Nokia has crushed Apple‘s legal warriors in a patent dispute that has the iPhone maker coughing up a one-time settlement and ongoing licensing fees, announced Nokia in a press release today. The agreement between the two companies is the conclusion of a two-year standoff widely seen as the most significant patent battle in an industry rife with intellectual property disputes.
While the exact terms of the agreement are strictly confidential, Nokia says that the licensing agreement is “signed,” which “will result in settlement of all patent litigation between the companies, including the withdrawal by Nokia and Apple of their respective complaints to the US International Trade Commission,” the press release reads.
The fight between Finland-based Nokia and Cupertino, California-based Apple began in October 2009, when Nokia filed its first patent claim against Apple. The dispute included demands by Nokia that Apple pay royalties on all iPhone devices sold. Eventually, Nokia had a total of 46 patent claims against Apple. In turn, Apple filed its own patent infringement claims against Nokia.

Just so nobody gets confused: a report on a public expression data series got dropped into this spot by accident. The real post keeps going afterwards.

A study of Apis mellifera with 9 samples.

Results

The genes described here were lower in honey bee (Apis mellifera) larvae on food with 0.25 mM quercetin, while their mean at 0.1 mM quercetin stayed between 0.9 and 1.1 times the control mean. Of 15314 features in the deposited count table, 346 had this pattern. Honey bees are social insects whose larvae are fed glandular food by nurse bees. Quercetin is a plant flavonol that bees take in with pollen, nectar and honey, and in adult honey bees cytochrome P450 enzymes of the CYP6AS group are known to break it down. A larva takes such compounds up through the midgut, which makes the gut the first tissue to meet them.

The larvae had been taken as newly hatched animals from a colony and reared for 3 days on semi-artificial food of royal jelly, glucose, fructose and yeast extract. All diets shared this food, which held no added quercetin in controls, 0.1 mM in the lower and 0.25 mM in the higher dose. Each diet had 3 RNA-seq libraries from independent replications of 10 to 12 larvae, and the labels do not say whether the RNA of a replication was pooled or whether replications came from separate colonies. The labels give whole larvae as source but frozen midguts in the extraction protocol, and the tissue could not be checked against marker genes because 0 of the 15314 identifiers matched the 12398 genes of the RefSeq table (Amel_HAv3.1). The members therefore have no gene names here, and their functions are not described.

“We are very pleased to have Apple join the growing number of Nokia licensees,” said Nokia President and CEO Stephen Elop in a prepared statement. “This settlement demonstrates Nokia’s industry leading patent portfolio and enables us to focus on further licensing opportunities in the mobile communications market.”
The settlement is big for two primary reasons: First, it shows that its possible to beat Apple at a game for which it is fiercely competitive. Second, the agreement proves the strength of Nokia’s patent portfolio.
Because of this, the company’s stock jumped 3 percent in the Helsinki, Finland stock market. And Nokia will be able to revise its second quarter 2011 outlook, which brings the company’s operating margin back up to break-even numbers.